The Attention Span of a Gnat

Kate Flora: Seems like we’re all asking the same questions of each other these days: How6zRrXIV9T0W1T7tuX1x+Fw is everyone doing out there? You okay? In some ways, it seems like we are more in touch than usual. Adult children calling their parents. Parents in touch with their children. Neighbors stand six feet apart and catch up. Many Zoom events or Facetime chats going on. Cocktail parties and webinars galore. Yet a lot of us seem to have lost our attention spans. Our focus. Get up. Check the news. No sign of the curve flattening. Fall into lethargy.

On the news, we see people in full armor toting scary guns demanding their right to have the world open up. Beaches jammed with people while we huddle responsibly at home or wear masks whenever we leave the house. We learn that in one Southern state, bowling alleys and tattoo parlors are deemed essential businesses. In New England, we act like misanthropes, taking precautions to not infect each other. Our color grows out, our hair is gray, the men look like they’ve reverted to hippies.

There is a lot of public generosity to appreciate during these trying times. It seems like every vendor in the world wants to send us reassuring advice. The pharmacy wants us to have fun doing family portraits. There is plenty of entertainment available. Opera and Broadway are available for free, if only we can remember which night of the week the shows are on. Musicians–and The Rolling Stones–offer concerts from quarantine. The wonderful Farnsworth Museum in Rockland has an art and poetry presentation for Earth Day that I hope is still available when you read this:

sMD1JSpKx1HTZFXqXKQAnd yet, for me, and many writers I know, concentration has become difficult. It is hard to create an imaginary world full of danger and misdeed, with morality and goodness ultimately triumphing when the actual world seems so out-of-control and can’t seem to be righted despite our best efforts. As I dither through the day, trying to meet my little daily goal of writing a thousand words, I remind myself that for some of us who write mysteries, it is that righting of the world, the return to order, and the reassurance that good will triumph despite the loss and wrong and death and characters feeling the ripples of the crime, that keeps us writing and you reading.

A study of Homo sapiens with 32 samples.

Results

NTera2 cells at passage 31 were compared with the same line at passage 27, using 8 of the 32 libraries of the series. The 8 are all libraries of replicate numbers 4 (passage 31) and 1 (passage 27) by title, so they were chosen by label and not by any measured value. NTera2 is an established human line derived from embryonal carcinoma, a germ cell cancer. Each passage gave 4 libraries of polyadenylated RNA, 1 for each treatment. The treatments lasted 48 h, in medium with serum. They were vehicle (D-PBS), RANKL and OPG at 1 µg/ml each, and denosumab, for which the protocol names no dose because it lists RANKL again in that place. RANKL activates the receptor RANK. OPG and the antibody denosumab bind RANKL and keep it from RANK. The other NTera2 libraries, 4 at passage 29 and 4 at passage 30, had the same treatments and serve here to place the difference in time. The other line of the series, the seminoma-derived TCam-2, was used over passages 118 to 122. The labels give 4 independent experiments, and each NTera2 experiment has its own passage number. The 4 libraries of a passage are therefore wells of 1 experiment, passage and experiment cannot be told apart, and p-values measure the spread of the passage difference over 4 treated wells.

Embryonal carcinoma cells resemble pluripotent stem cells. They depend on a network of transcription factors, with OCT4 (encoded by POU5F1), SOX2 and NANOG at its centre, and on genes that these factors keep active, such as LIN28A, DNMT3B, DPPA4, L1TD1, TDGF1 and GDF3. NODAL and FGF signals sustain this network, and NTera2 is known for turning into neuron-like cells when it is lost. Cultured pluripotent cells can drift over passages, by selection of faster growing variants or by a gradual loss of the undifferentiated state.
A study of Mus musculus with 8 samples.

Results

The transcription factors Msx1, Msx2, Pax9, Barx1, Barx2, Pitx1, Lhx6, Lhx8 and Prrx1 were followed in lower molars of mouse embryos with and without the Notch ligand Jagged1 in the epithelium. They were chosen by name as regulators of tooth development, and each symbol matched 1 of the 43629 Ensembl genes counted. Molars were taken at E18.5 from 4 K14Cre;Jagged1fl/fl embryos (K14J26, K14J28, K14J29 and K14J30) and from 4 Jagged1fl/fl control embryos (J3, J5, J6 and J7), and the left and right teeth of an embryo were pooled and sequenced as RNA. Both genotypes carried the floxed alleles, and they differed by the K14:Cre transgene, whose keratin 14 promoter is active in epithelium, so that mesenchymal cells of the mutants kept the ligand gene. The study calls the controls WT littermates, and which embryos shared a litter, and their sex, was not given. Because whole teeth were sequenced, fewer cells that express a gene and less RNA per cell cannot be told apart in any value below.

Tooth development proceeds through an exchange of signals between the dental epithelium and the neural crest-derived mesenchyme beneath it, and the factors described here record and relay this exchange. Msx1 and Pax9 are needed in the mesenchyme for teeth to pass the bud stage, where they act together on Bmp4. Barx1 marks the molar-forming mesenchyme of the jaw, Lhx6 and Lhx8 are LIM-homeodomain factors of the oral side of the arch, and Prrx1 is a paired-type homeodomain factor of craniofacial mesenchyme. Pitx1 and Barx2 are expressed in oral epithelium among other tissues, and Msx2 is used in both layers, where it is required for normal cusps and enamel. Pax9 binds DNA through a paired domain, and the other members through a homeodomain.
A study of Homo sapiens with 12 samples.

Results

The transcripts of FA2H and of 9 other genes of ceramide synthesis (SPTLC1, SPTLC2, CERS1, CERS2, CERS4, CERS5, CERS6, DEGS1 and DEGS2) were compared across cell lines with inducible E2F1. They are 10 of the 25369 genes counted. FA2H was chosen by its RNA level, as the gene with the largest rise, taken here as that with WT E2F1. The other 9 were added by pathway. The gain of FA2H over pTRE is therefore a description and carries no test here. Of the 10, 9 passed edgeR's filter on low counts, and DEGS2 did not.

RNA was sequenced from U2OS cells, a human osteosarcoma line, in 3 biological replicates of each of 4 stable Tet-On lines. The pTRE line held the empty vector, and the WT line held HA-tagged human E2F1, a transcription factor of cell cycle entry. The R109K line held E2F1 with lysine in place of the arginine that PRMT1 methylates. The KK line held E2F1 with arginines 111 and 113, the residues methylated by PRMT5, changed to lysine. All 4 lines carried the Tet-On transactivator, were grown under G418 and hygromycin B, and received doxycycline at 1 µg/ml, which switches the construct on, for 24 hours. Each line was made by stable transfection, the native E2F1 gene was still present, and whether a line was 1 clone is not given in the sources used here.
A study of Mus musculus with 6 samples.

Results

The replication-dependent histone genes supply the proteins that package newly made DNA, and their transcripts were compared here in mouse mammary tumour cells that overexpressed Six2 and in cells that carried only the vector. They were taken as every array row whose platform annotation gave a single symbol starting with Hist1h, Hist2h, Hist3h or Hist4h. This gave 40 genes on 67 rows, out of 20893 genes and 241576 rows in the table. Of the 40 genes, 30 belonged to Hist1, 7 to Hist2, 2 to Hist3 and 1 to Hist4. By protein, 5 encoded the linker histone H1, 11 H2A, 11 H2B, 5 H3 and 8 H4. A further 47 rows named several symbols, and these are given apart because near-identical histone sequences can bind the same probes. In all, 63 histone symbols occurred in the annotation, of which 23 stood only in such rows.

We write because we believe in good guys and gals. In heroes. In the idea that despite all the bad that happens, in the end we want the world righted again. We want wrongs punished. We want leaders–in our books the heroes and heroines, professional and amateur–who will stand up to wrong-doers and restore some measure of justice.

So if I’m slow these days, if I pace more than I type, if I put my characters in difficult or s53BbQL4Q5+mfVhBQMJzvgseemingly impossible situations and the plots seem to be going awry, my writing may be reflecting the state of the world. Things won’t be righted in a day or a week or a month, but in fiction, at least, if I, if we writers, can swat away those distracting gnats, things will  get better. The world will return to some semblance of order. And readers will have new books to take them on wild journeys with reassuring endings.


  1. John Clark says:

    I’ve been lucky. There are days, yesterday was an example, where I get lost for hours in things. I spent hours researching stamp values to decide whether certain ones were worth selling on Ebay.

  2. Charlene DAvanzo says:

    I’m reading a few of my many-times-reread classic mysteries – e.g., Dorothy Sayers – because the very bleak state of affairs so cleverly comes to right. Now, when so much seems wrong, I need right.